We know this much about the two-fingered choloepus sloth: Its soft, rubbery nose, long, wiry hair and perpetual grin have made it a social media darling—the Grumpy Cat of wild animals. What we don’t know is pretty much everything else. The nocturnal mammals, native to Central and South America, are notoriously hard to study. They’ve rarely been tagged in the wild, and even in captivity, researchers have been unable to follow their long lifespan from start to finish.
Succotash, the sole choloepus on display at the Houston Zoo, has lush white hair and an eraser-colored snout. Beginning life in the wild, she was captured full-grown in 1975, which, according to senior keeper Abby Varela, makes her at least 46 years old, one of the longest-living known examples of her species.
The animal considered to be the world’s oldest sloth—Paula, who resides at Zoo Halle in Germany—is 47. If Paula’s title is accurate, then Succotash isn’t far behind. In fact, it’s possible she’s even older, given the fact that female sloths don’t reach sexual maturity until about 3 years of age.
Besides the occasional UTI—likely attributable to a diet of fruits and veggies such as grapes and zucchini that, while healthy, differs from the native leaves and fruits she’d eat in the South American wild—Succotash hasn’t shown much sign of aging during the nine years Varela has worked with her. “You may not see many physical changes, but if I were to look at a picture of her seven years ago, she may have looked a little bit younger,” Varela guesses.
Because handling by humans can raise a sloth’s heart rate to a dangerous clip, Varela and her team have trained Succotash to slowly lower herself into a kennel for regular weigh-ins. This is impressive not only because, apparently, you can teach an old sloth new tricks, but because her weight has remained stable. She is bright-eyed, and as responsive to Varela and fellow keeper Sydney Fitzpatrick as a non-social animal can be expected to be, looking to them for yet another green bean to be popped in her mouth.
With their sluggish metabolism, sloths don’t need to eat every day. Succotash does, though, and poops twice a week, double the normal rate; as needed, she consumes Metamucil cracker–stuffed grapes. When she’s not eating, she can be found hanging from a branch in the manmade rainforest canopy of the zoo’s Natural Encounters building, surrounded by birds and monkeys whom she seems to ignore.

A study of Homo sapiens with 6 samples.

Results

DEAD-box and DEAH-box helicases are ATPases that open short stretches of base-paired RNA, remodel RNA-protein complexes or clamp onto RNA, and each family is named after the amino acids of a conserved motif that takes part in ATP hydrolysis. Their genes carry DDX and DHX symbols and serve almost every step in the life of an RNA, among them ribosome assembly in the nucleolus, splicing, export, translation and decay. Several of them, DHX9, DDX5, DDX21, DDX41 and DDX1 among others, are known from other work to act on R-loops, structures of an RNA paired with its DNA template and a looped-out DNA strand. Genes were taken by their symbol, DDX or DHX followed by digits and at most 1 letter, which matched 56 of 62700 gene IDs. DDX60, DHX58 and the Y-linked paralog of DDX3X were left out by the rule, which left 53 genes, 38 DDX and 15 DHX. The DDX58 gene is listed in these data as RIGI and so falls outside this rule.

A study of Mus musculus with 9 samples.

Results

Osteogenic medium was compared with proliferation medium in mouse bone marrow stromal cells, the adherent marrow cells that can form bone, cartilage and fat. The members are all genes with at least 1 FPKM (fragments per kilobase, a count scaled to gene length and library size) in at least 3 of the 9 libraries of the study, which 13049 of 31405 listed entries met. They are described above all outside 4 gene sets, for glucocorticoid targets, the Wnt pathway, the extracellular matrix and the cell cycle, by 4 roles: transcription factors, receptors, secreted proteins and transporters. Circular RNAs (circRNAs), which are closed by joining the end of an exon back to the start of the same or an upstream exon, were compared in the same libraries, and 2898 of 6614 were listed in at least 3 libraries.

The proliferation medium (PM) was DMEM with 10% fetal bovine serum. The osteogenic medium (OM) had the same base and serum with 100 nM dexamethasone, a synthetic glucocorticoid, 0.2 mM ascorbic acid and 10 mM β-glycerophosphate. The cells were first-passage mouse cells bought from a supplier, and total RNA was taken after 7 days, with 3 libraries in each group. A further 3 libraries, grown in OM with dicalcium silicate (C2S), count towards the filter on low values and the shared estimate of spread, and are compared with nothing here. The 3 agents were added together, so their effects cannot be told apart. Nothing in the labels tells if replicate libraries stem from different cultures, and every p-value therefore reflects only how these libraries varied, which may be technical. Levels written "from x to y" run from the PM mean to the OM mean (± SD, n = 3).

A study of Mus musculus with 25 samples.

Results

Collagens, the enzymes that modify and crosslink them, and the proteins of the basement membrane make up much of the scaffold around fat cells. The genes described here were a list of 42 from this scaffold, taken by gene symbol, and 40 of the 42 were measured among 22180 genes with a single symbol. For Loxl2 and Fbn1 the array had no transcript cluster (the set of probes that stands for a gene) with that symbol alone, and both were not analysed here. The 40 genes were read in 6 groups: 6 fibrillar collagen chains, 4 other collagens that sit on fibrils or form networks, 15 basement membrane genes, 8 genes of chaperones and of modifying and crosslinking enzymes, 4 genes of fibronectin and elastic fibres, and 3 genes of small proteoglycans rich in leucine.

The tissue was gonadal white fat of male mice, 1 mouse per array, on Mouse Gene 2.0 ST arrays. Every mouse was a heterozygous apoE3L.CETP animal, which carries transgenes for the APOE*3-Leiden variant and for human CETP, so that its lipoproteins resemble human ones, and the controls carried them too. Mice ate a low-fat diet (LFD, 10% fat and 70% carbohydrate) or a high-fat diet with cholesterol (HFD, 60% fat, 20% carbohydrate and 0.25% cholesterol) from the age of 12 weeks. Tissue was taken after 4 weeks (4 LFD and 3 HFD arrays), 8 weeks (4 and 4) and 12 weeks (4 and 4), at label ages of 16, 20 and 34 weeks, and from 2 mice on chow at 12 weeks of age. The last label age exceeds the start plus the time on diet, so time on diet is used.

Researchers suspect that sloths fall into the same slow-metabolism, long-life category as turtles. Varela, however, prefers to think of Succotash as immortal. “We made a deal with her,” says Varela. “We keep feeding her, and she’ll live forever.” But what if, one day, this sweet girl goes the way of all other flesh? Will the zoo be prepared?
Yes and no. A roughly 20-year-old male choloepus named Curly lives in the same building as Succotash, out of the public (and her) eye, having arrived at the zoo three years ago to participate in educational programs. He could potentially fill Succotash’s branch in the Natural Encounters building, although a zoo rep told us he’s been such a great ambassador in his current role, that’s unlikely.
The Houston Zoo long ago ceased to get its animals from the wild. Today, it sources its inhabitants through other top institutions nationwide, who now share and breed animals with the goal of maintaining biodiversity. If the zoo decides to keep Curly in his old job, a new sloth might be chosen through this system. Perhaps another zoo will have had a birth or two, and be willing to part with one.
But of course, none of this matters. Succotash is going to live forever.